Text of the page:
Interviews – Media – Pippa Wicks

Pippa Wicks, 37, is chief executive of FT Knowledge, a recently created division of UK media company Pearson that is charged with creating online learning programmes aimed at schools, colleges and universities around the world. Wicks was recently chosen to be one of the faces for the current exhibition at The National Portrait Gallery, Management Today, Management Tomorrow, depicting the UK’s new ‘masters of the economic universe’

What does your role as chief executive of FT Knowledge involve?
FT Knowledge is Pearson’s management education, business education and finance education division. Our mission is to grow very aggressively in this area, aiming to be five to ten times bigger than we are today, in three to five years.

How much will FT Knowledge’s success depend on its ability to exploit the potential of the Internet?
About half of what we do at present is based on multimedia and that will probably increase. It is a very important part.

How difficult is it proving for the traditional media companies to convince shareholders about the value of going online?
It seems to have been very straightforward. The Internet products that Pearson has introduced, which include my area of the business, are quality products that work. Whether you look at FT.com or the products we use to do online training, they are effective.

We have delivered very quickly and very well, so we have found the transformation relatively easy.

You have been very successful in life, very quickly. Can you tell me the reason?
Serendipity. Also, I’m pretty energetic, that helps.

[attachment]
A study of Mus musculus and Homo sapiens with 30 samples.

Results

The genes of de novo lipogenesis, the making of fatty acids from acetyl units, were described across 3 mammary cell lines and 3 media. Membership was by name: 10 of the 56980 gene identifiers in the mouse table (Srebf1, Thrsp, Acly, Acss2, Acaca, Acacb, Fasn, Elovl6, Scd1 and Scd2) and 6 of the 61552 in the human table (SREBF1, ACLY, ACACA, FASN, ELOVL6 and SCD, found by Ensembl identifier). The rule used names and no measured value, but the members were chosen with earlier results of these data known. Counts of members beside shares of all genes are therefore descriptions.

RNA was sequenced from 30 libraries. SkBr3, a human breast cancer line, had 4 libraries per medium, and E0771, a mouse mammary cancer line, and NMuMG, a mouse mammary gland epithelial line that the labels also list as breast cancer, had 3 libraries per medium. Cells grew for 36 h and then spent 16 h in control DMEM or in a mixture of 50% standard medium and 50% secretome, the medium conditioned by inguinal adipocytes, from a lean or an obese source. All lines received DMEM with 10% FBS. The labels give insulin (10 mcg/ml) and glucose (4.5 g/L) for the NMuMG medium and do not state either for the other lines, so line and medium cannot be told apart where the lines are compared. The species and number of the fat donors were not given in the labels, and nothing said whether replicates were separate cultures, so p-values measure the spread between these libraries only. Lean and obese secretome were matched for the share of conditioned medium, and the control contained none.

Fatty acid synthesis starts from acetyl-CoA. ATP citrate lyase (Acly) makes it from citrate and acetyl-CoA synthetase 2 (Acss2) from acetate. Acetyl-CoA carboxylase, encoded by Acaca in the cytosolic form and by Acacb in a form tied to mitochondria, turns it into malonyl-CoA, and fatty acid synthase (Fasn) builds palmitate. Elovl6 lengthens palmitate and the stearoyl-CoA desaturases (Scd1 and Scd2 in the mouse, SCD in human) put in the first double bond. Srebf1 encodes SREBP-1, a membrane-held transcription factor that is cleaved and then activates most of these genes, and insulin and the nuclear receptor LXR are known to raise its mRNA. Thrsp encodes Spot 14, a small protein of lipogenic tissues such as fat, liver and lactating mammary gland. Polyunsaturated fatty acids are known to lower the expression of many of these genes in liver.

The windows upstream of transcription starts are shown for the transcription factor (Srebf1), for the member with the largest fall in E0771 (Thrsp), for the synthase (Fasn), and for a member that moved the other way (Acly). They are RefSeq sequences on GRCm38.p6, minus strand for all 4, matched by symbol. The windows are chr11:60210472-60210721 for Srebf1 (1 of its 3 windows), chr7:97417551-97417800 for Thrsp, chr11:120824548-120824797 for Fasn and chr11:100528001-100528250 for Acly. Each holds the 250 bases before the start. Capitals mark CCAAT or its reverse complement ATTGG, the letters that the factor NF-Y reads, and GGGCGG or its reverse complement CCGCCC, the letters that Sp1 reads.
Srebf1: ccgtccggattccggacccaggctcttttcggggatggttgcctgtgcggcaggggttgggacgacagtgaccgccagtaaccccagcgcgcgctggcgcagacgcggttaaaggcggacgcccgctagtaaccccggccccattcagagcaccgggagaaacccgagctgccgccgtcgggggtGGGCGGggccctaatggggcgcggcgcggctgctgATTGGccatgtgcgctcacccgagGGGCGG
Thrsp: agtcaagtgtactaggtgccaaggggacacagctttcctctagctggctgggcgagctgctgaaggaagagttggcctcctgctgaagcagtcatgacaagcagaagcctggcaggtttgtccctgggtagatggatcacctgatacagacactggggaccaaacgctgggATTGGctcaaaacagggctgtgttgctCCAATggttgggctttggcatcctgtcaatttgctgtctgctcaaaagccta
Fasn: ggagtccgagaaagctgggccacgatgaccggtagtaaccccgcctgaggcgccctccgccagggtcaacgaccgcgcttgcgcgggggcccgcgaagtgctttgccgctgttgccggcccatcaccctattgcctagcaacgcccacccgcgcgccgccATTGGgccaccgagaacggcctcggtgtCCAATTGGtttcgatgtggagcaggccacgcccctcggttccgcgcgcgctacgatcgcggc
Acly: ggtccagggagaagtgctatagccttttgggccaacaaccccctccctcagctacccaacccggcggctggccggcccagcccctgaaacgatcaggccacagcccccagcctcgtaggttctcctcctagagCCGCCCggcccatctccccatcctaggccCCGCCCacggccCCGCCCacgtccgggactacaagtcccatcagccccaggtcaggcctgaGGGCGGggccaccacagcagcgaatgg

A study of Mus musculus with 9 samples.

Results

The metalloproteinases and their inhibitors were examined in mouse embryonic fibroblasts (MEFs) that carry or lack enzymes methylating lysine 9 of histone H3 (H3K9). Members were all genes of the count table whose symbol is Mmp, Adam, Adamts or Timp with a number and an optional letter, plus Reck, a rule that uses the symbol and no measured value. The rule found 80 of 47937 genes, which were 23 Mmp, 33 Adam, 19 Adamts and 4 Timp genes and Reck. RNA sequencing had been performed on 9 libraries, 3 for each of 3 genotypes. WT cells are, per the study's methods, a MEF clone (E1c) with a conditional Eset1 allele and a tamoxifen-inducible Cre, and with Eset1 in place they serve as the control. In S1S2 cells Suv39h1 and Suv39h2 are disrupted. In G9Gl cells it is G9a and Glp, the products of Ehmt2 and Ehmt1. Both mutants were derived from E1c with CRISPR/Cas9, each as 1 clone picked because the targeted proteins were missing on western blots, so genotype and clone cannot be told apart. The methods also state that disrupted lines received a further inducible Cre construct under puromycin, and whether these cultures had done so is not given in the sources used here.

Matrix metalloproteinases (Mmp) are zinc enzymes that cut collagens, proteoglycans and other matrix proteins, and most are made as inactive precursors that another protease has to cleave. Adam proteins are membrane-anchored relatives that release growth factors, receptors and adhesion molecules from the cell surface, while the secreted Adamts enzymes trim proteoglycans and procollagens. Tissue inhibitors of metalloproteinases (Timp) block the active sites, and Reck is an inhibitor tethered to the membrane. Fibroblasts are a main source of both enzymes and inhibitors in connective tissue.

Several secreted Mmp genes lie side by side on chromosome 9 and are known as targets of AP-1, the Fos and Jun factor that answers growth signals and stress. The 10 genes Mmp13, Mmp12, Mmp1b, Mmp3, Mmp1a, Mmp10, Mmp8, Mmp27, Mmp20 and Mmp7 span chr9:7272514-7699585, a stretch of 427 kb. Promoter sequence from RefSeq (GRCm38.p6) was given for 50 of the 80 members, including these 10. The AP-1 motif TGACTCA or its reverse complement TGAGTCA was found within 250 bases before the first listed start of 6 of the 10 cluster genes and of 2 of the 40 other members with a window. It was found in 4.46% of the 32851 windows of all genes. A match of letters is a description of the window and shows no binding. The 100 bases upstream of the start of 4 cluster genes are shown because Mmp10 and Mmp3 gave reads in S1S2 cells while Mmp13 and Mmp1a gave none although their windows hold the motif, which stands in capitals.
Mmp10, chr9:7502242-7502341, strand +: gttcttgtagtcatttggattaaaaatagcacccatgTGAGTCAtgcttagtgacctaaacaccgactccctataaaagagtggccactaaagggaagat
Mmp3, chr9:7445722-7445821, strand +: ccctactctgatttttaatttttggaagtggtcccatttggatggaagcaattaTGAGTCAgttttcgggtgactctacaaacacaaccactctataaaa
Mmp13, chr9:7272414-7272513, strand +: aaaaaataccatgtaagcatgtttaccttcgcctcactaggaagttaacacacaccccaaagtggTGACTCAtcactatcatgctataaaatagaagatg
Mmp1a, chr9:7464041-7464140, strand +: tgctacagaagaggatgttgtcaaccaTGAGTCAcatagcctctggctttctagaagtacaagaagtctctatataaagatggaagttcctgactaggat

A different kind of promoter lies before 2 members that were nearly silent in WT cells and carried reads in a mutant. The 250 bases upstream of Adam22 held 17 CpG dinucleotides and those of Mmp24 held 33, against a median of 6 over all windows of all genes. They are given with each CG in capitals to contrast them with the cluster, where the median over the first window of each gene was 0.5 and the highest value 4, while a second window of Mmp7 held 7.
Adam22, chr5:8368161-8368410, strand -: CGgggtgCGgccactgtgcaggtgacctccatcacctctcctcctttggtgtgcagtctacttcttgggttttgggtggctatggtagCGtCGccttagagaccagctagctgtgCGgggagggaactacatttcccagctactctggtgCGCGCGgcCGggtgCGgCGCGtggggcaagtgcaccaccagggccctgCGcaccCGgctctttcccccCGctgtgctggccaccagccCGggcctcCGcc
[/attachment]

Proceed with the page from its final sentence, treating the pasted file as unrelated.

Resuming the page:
I left university to become a vet, but I couldn’t get a grant to pay for the training. I went to work for management consultancy Bain & Co instead, because they had a very meritocratic culture and they were very energetic – I suspect that was because of their American culture. I heard it was a good working environment.

I joined Bain thinking I would get a very good grounding from which to go forward after two years or so. In the end, I ended up working there for eight years. I had expected to do a lot of paper-based studies there, but I ended up doing a great deal of client-based work.

One day I went to Courtaulds textiles to have a cup of tea and I ended up getting a job. I worked there for a year as a business development manager, then they offered me the role of finance director. It was the last job I ever thought I would go into, but it actually turned out to be great fun. I did that for seven years and was then about to take a position as finance director at a FTSE 100 company. When I told a friend at Pearson that I was thinking of taking it, they said they hadn’t known I was looking for a job, and told me to go and take a vacancy at Pearson.

What are your ambitions for the next few years?
They lie here at FT Knowledge. We have big plans to grow and develop things, and I want to make sure we do that.

Is it difficult to feel important working for a big company?
Pearson is what I would call a big small company. We are very autonomous and we can always move very quickly. Marjorie Scardino is often talking to me about the importance of young talent being offered the opportunity to move forward quickly, because she knows that I was given such an opportunity myself.

You’re obviously involved in the Internet training strategy at Pearson. How important is it for your recruits to have a solid grounding in the Internet if you are going to consider taking them on?
You can learn that on the job. The most important thing we are looking for when we recruit is attitude. If people possess the basic raw materials in terms of brain power and attitude, we feel we can teach people the rest.

How do you see Pearson developing over the next five years?
I think online development will obviously be very important. We need to build on the great brand names we already have – the Financial Times, Penguin, all the things that fall into Pearson’s education stable and so on. The Internet is going to be differentiated by brand name and content, so it is important we get that right.